Angie's List: What kind of maintenance does my hardscape require?
It’s easy to think of stone hardscaping as needing little or no maintenance. Patio stones, pavers, retaining walls and sidewalks are made of stout material that seems indestructible compared to wood, dirt and plants. But, the elements still take their toll on your hardscape, and this stonework will deteriorate without proper care.
The good news is hardscaping maintenance isn’t difficult. Follow these steps to ensure many years of enjoyment from your outdoor stone.
REGULARLY CLEAN STONE
Keep loose debris off your hardscape. A broom can sweep away most of it on an everyday basis. Regularly spray down stone with a garden hose.
Winter and spring debris, such as fallen leaves, mud and dead grass, can leave stains on your stones — particularly when left for several weeks. In most cases, you can remove these stains by scrubbing with a basic water/detergent solution. Pressure washing may be required if you have mold or standing moss.
For oil stains, obtain an oil remover from an automotive or hardware store.
When you’re doing all this cleaning, look for damaged stones or pavers. Chips and cracks will quickly get bigger. In most cases, you can replace individual damaged stones without having to deal with the rest of the space.
You can also apply paver sealer once every year or two. A good sealant prevents dirt and stains from penetrating and provides a pleasing shine. Sealed pavers are also easier to clean. You can purchase the sealant at a hardware store. Be sure to apply it only to clean, dry pavers. Pavers that are exposed to heavy rain, sun or foot traffic will need to have new sealer applied more often. In most cases, when you reseal a paver, the new layer can be directly applied on top of the original application.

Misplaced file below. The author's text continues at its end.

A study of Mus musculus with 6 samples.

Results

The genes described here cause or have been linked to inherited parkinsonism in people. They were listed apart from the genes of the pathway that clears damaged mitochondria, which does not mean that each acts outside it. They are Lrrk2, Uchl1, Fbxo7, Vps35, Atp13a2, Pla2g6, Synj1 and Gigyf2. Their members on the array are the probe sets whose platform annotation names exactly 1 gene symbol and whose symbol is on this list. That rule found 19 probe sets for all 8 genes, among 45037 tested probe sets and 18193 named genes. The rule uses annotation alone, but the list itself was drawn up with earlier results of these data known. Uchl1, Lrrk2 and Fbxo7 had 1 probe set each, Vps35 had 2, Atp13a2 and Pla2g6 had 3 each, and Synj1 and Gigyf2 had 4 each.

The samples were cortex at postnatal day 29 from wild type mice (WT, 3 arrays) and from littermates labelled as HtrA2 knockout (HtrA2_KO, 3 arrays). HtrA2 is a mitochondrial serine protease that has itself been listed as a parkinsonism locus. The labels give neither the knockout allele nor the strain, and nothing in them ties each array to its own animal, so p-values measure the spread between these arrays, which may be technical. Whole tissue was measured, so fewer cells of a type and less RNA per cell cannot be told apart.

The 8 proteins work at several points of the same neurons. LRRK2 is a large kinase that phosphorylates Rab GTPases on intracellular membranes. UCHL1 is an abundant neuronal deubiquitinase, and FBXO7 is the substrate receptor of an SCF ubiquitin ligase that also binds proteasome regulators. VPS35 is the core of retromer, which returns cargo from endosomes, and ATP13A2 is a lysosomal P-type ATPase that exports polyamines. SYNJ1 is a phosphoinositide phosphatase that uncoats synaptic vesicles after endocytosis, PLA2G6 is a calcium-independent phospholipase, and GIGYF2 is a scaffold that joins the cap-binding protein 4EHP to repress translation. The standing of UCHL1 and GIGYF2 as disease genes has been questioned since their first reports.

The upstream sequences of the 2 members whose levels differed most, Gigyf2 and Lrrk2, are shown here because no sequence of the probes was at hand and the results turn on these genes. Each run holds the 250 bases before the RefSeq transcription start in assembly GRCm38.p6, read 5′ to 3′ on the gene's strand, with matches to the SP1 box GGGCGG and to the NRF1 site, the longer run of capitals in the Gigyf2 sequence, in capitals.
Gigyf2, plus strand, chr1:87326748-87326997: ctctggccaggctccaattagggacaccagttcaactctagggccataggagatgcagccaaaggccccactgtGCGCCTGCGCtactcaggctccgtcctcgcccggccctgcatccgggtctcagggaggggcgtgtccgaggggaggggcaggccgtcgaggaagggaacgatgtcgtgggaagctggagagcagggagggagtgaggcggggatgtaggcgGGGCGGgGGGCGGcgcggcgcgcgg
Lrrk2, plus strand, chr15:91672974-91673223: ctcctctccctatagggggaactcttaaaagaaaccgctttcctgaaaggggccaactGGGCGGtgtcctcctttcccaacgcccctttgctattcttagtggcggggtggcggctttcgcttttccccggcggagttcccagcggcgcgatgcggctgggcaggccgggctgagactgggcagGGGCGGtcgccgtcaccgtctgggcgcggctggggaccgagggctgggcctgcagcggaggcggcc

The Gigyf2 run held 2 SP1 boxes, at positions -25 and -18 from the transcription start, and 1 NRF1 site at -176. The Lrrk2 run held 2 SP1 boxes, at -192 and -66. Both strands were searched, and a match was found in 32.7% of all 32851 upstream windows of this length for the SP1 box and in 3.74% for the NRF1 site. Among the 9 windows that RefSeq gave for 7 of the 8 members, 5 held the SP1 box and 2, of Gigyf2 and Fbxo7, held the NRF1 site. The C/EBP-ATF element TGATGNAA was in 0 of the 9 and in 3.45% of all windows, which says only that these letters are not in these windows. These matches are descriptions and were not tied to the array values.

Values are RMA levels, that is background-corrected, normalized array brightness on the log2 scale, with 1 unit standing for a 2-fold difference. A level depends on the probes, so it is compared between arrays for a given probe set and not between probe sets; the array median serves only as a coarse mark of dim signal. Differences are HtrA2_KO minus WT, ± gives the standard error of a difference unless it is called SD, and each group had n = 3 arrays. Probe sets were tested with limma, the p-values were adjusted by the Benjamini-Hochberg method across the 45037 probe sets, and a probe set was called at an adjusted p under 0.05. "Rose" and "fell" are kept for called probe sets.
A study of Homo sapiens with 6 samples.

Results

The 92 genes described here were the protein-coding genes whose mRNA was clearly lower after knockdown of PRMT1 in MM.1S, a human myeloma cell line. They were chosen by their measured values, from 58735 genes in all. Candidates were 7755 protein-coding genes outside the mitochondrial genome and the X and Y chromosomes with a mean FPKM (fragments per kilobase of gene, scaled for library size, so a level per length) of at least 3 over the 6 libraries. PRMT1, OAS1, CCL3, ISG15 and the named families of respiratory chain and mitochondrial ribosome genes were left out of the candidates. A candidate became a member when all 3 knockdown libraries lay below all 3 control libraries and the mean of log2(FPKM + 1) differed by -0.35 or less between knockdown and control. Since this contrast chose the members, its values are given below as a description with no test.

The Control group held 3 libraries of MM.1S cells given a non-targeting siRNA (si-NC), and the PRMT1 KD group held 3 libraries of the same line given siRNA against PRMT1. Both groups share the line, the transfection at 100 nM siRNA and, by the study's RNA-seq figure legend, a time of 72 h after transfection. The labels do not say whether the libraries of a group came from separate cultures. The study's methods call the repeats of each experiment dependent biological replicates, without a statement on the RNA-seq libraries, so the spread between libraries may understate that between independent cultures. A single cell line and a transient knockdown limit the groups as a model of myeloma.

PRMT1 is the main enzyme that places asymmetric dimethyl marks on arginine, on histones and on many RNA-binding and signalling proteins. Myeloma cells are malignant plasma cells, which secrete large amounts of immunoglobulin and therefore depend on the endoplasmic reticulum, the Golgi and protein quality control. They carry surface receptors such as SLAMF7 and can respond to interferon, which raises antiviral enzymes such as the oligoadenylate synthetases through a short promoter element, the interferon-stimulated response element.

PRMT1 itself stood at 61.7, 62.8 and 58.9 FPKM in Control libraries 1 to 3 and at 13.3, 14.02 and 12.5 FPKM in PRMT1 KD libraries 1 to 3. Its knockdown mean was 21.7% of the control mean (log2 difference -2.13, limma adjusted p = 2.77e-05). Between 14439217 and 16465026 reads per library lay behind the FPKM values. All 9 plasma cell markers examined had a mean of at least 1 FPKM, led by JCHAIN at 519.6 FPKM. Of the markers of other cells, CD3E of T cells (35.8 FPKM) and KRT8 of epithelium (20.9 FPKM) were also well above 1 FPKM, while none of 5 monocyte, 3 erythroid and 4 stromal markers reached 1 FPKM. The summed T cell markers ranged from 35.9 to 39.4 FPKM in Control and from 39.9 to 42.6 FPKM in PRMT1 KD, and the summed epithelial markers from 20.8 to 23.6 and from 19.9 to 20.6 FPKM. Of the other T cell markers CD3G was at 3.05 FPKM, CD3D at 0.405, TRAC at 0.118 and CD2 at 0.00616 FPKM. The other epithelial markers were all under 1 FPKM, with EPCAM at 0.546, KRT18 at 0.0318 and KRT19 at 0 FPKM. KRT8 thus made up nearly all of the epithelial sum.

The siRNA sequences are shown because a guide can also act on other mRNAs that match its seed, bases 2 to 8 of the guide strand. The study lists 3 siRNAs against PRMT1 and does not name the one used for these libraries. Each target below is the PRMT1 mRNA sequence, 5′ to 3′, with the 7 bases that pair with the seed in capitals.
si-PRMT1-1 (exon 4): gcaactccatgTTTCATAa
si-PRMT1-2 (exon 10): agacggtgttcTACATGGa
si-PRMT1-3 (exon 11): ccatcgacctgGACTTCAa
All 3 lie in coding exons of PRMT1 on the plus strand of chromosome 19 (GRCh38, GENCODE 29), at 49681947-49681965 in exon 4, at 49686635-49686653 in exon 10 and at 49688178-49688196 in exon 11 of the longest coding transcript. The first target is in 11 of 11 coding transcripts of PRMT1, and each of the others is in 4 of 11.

If your patio pavers are uneven, you may have more serious structural problems that could mean your patio needs to be regraded or replaced.
PAY ATTENTION TO DRAINAGE
Water is your hardscape’s biggest enemy. When your stones are installed, they need a water management process. This can be as simple as slight elevation and channels that direct water off the stone and into a depression or drainage area. A well-designed drainage plan can also help provide water to nearby greenery.
If water pools on your stones after rain, something has gone wrong. At that point, you probably need to contact a pro for their opinion. Pooled water can quickly damage stone and get worse.
Also, keep an eye on the sand filler placed between pavers to hold them in place. You can buy a bag of refined sand and pour it into the cracks if weather has worn it away.
Many hardscaping companies offer ongoing maintenance contracts. You can hire one to handle most of this ongoing work if you don’t have the time to do it yourself.
Paul F. P. Pogue is a reporter for Angie’s List, a provider of local consumer reviews and an online marketplace of services from top-rated providers. Visit AngiesList.com.